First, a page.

A Line In The Sand?
The case of Nathan Haddad should boil the blood of any good American. A twelve-year veteran of the Army, with four deployments, is a decorated combat veteran and now, probably, a felon. His crime: possession of five empty 30-round magazines for an AR-15. The magazines were stowed in the trunk of his car at the time of a traffic stop.
This is called manufacturing a felony and the only reason to do so is to disarm as many people as possible by trumping up charges and pumping up sentences to frighten them into pleading to something that should be thrown out of court the minute the charges are brought.
I had a few minutes to speak with Michael Haddad, Nathan's brother, who has started a legal defense fund.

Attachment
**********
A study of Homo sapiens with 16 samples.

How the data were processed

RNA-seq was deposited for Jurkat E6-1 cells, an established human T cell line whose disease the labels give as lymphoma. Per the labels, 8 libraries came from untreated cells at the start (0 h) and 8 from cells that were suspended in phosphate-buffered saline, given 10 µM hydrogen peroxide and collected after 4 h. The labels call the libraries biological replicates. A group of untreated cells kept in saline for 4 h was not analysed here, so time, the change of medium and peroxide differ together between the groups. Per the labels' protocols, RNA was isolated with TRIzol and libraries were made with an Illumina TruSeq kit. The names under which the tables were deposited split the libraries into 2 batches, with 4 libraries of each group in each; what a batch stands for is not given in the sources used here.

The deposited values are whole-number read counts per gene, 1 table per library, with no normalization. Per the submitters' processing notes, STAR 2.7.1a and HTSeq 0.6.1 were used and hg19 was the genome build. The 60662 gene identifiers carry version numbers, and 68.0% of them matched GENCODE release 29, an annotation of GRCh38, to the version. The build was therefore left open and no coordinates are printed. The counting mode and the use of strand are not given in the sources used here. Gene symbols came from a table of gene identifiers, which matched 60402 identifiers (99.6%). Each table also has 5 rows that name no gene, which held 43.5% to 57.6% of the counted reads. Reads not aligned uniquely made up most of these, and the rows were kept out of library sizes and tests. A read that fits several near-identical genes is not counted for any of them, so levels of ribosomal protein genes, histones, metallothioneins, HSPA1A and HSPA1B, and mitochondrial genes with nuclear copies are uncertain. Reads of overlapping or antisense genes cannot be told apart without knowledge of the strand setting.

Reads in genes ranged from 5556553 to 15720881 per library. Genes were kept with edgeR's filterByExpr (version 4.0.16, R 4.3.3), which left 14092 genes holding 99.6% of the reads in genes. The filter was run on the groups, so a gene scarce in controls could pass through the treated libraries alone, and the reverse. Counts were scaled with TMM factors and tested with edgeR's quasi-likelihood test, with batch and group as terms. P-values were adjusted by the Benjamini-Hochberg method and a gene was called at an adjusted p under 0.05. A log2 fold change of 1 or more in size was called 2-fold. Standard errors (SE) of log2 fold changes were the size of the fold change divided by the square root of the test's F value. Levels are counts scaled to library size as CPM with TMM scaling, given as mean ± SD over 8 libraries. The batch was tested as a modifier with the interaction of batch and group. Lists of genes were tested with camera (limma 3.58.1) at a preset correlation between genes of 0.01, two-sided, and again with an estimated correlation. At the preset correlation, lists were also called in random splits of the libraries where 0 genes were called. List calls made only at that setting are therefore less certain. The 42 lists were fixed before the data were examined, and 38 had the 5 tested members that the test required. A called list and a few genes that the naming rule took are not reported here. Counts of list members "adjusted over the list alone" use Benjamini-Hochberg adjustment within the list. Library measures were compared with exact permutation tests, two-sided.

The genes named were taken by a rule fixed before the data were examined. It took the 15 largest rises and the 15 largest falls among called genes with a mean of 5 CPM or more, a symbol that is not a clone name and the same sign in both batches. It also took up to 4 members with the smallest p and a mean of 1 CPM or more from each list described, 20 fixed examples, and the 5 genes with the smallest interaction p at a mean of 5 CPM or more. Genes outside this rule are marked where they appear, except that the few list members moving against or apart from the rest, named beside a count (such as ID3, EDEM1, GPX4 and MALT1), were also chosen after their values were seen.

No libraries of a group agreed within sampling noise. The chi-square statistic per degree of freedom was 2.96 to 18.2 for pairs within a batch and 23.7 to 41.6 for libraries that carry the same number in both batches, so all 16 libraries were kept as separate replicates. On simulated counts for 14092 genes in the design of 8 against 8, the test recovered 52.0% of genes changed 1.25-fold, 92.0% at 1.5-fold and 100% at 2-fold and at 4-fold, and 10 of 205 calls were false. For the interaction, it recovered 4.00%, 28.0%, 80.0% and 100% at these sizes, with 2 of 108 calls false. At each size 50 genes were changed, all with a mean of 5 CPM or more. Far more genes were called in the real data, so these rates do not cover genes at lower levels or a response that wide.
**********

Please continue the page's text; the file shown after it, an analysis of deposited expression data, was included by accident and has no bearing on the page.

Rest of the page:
You can contribute to the fund here:
I have promised to contribute as much as I can afford and to encourage others to contribute. Michael, like his brother, is a good person just trying to help out
Upstate New Yorkers need to be taking heed of this case.
Haddad was selected in 2012 to be a guest of honor at the dinner by the Philadelphia chapter of Blue Star Mothers and the Union League’s Armed Services Council.
Melinda Roney, NEC’s Logistics Branch chief and Haddad’s supervisor, said she fully understands what kind of asset the former Soldier is to the Army.
“Nathan is the type of employee that supervisors wish they had a dozen of,” Roney said. “He consistently works hard, is good-humored and always goes above and beyond without thinking twice.
“Giving 100 percent of himself comes naturally to Nate,” she added.